Jekyll and Hyde have become a byword for the notion of mankind’s dual nature, the good and the bad, the virtuous and the immoral. At times the text seems to support this reading: Henry Jekyll’s “Full Statement of the Case,” for instance, opens with a discussion of “those provinces of good and ill which divide and compound man’s dual nature” (48) and goes on to describe how the author “learned to recognize the thorough and primitive duality of man” (49). But the first of these two observations is rather more complicated than it might at first appear: it is not that “good and ill” constitute “man’s dual nature”; rather they “divide and compound it.” In other words, any “duality of man” refers to something other than the binary divide between the good and the bad, something that becomes still more complex (“divide[d] and compound[ed]”) when the distinction between virtue and vice is taken into account. Indeed, between these two comments on duality comes the recognition that this is at best a first approximation to the truth: “I hazard the guess that man will be ultimately known for a mere polity of multifarious, incongruous and independent denizens” (48). We are multiple; we contain multitudes.
Moreover, it is not as though the characters of Jekyll and Hyde themselves incarnate anything like the “primitive duality” that Jekyll mentions here. For though Hyde is perhaps the pure precipitate of all that is wicked in Jekyll, Jekyll himself remains irreducibly multiple: he is an “incongruous compound” (52), “composite” (55). There is, in short, no kind of dialectical relationship between the two, no simple contradiction: Jekyll is already divided; Hyde is best understood as a supplement or embodied overdetermination. No wonder Jekyll “loses” in the end: his good nature has to struggle not only against Hyde but also against the evil that still resides within Jekyll himself. Perhaps for this reason, and again despite appearances, it is never a matter of Jekyll or Hyde, it can only ever be Jekyll and: Jekyll plus a part of his nature that stands beside him without in fact leaving him.
Of course, there is much attention to the differences between Jekyll and Hyde. There is their contrasting stature, for example, or their distinct voices, which is how Jekyll’s manservant, Poole, determines that his master has been disappeared: “Have I been twenty years in this man’s house, to be deceived about his voice?” (35). Moreover, there is much discussion of the distinction between the men’s faces, and indeed of faces in general. Utterson, the tale’s narrator, demands to see Hyde’s face, “and the pair stared at each other pretty fixedly for a few seconds. ‘Now I shall know you again,’ said Mr Utterson. ‘It may be useful’” (16). Utterson goes on to declare to Jekyll that “If ever I read Satan’s signature upon a face, it is on that of your new friend” (17). But Utterson is wrong: he doesn’t “know” Hyde at all, and he completely misreads the signature on the man’s face; indeed, his conception of Hyde is as much a projection of his own fears and anxieties as it is a product of Jekyll’s own foibles and failings.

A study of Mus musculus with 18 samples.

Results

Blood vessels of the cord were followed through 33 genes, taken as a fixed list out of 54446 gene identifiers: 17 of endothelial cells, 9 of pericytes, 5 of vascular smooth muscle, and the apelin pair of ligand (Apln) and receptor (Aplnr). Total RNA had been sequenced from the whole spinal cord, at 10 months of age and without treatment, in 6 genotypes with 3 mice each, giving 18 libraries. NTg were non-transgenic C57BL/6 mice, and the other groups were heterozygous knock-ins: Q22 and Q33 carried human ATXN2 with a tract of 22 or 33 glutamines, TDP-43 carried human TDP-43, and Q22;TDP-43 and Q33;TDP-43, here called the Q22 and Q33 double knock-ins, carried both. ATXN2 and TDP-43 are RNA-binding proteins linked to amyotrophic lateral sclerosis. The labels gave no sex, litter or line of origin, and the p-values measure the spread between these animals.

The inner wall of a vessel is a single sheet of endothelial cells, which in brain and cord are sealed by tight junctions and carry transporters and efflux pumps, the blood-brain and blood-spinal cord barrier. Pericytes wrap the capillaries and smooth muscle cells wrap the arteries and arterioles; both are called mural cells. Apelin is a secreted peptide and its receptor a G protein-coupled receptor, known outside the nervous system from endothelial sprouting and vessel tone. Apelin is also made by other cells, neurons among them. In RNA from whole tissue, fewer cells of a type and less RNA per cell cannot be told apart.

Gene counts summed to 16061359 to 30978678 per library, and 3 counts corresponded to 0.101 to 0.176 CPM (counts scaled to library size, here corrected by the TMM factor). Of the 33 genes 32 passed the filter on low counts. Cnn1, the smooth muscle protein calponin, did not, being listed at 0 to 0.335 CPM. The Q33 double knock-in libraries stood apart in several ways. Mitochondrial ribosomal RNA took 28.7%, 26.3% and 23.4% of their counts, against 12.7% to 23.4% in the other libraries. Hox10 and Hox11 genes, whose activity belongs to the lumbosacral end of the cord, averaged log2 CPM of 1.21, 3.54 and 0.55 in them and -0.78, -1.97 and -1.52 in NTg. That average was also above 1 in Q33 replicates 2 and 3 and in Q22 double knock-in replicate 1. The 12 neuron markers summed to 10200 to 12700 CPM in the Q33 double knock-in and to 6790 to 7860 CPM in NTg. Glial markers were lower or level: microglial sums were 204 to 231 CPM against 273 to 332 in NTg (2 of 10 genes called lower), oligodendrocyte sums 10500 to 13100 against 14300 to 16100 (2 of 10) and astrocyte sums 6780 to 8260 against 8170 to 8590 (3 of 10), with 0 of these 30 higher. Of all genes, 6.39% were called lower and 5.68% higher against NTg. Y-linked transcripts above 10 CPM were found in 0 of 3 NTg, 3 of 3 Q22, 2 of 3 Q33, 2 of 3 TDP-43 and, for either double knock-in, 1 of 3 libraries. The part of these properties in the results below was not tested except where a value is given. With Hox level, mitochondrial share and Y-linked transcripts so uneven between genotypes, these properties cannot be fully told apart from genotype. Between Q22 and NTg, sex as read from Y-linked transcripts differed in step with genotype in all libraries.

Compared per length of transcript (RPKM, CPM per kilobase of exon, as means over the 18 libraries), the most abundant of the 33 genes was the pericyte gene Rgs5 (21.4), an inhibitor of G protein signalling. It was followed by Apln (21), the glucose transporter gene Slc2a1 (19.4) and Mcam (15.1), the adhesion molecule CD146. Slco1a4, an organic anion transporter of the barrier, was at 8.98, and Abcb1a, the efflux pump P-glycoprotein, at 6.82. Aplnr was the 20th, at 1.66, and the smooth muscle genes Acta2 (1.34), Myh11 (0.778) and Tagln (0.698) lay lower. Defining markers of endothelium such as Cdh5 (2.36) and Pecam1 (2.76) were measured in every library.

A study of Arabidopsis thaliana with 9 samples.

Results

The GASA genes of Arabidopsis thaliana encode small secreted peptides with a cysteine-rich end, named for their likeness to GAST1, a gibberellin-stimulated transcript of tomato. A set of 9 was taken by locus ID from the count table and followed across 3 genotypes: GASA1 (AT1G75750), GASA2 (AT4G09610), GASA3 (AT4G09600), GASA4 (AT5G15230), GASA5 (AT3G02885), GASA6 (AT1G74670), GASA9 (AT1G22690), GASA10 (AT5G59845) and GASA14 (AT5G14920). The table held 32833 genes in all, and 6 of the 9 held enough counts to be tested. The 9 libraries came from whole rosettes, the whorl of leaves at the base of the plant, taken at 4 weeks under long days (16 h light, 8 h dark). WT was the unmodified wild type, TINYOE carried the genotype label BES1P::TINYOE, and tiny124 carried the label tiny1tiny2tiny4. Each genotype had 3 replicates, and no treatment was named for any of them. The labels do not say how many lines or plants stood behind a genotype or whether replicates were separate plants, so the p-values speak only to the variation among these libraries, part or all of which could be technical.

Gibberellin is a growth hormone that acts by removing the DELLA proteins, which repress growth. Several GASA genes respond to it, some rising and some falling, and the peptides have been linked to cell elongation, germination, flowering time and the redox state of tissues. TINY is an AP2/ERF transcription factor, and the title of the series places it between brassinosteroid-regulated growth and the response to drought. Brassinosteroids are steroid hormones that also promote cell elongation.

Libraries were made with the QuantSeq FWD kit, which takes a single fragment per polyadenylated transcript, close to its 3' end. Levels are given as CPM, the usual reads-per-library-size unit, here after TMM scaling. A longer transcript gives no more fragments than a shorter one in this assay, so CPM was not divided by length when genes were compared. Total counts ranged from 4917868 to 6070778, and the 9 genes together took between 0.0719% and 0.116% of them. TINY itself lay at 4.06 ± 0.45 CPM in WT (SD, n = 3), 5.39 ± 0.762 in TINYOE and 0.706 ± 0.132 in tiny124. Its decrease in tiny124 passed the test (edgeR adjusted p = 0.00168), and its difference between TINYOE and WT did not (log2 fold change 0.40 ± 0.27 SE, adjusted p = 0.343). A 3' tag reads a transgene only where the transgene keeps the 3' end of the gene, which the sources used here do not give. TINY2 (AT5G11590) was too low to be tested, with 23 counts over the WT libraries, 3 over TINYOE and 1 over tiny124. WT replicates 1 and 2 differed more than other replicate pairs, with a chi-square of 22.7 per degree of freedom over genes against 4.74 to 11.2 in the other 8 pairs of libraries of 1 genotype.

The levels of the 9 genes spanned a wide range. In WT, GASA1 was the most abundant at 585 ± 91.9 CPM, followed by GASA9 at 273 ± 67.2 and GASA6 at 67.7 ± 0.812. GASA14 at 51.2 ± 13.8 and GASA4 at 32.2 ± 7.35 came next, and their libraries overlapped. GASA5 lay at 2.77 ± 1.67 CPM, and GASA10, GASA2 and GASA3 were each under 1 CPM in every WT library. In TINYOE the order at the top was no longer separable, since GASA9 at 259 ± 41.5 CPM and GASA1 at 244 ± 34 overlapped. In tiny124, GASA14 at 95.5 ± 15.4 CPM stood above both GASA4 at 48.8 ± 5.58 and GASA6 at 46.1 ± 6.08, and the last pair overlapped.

To understand Hyde–and the relation between Hyde and Jekyll–it is best to look to the man’s hand. It is by his hands, after all, that Jekyll/Hyde himself determines, in the absence of a mirror, his qualities at any particular moment. Jekyll’s description of his first transformation into Hyde notes that he “stretched out [his] hands, exulting in the freshness of these sensations” (50). Later, when he has started to transform involuntarily from one state into another, again the hand provides the clue: “the hand that lay on my knee was corded and hairy. I was once more Edward Hyde” (58). But the hand is not only the sign of the difference between Jekyll and Hyde: it is also the sign of their underlying identity. “Then I remembered,” Jekyll tells us, “that of one of my original character, one part remained to me: I could write my own hand” (58-9). Jekyll and Hyde’s hand, in the sense of handwriting, is the same. As a result it is impossible to tell who is writing, except when Jekyll/Hyde deliberately alters his own penmanship–and even then, Utterson’s clerk, “a great student and critic of handwriting” (27), notes “a rather singular resemblance; the two hands are in many points identical: only differently sloped.” Utterson’s response is the horrific thought that “Henry Jekyll [has] forge[d] for a murderer!” (28). But often as not it is Hyde who “forges” for Jekyll, while at other times we can never know who has forged (for) whom. Hence Patrick Brantlinger notes the threat posed by this instability, this duplicity of signature and impossibility of “reading” either Hyde’s or Jekyll’s hands aright: “Hyde menaces society not just by his criminal violence but by his ability to write checks and letters, draw up wills, and pen blasphemies in books of ‘divinity’” (201).
Hyde (or is it Jekyll?) takes advantage of his uncanny literacy, the fact that the difference between himself and his other is strictly speaking unreadable, to send a message to his friend Lanyon and persuade him to collect the drugs enabling him to transform himself back into Jekyll once more. And it is here that the book’s most shocking scene comes: not in the mutation of Jekyll into Hyde, as one might have thought; but in the resurrection (“like a man restored from death”) of Jekyll from Hyde. It is this that prompts Lanyon to say: “My life is shaken to its roots; sleep has left me; the deadliest terror sits by me at all hours of the day at night; I feel that my days are numbered” (47). For the staid bachelor society that Stevenson’s tale portrays, it is not the revelation of the evil in man, the appearance of Hyde, that is the most terrifying aspect of the story. Nor is it any kind of dualistic opposition between Jekyll and Hyde. It is the fact that Hyde gives life to Jekyll, and that in doing so he gives birth to multitudes.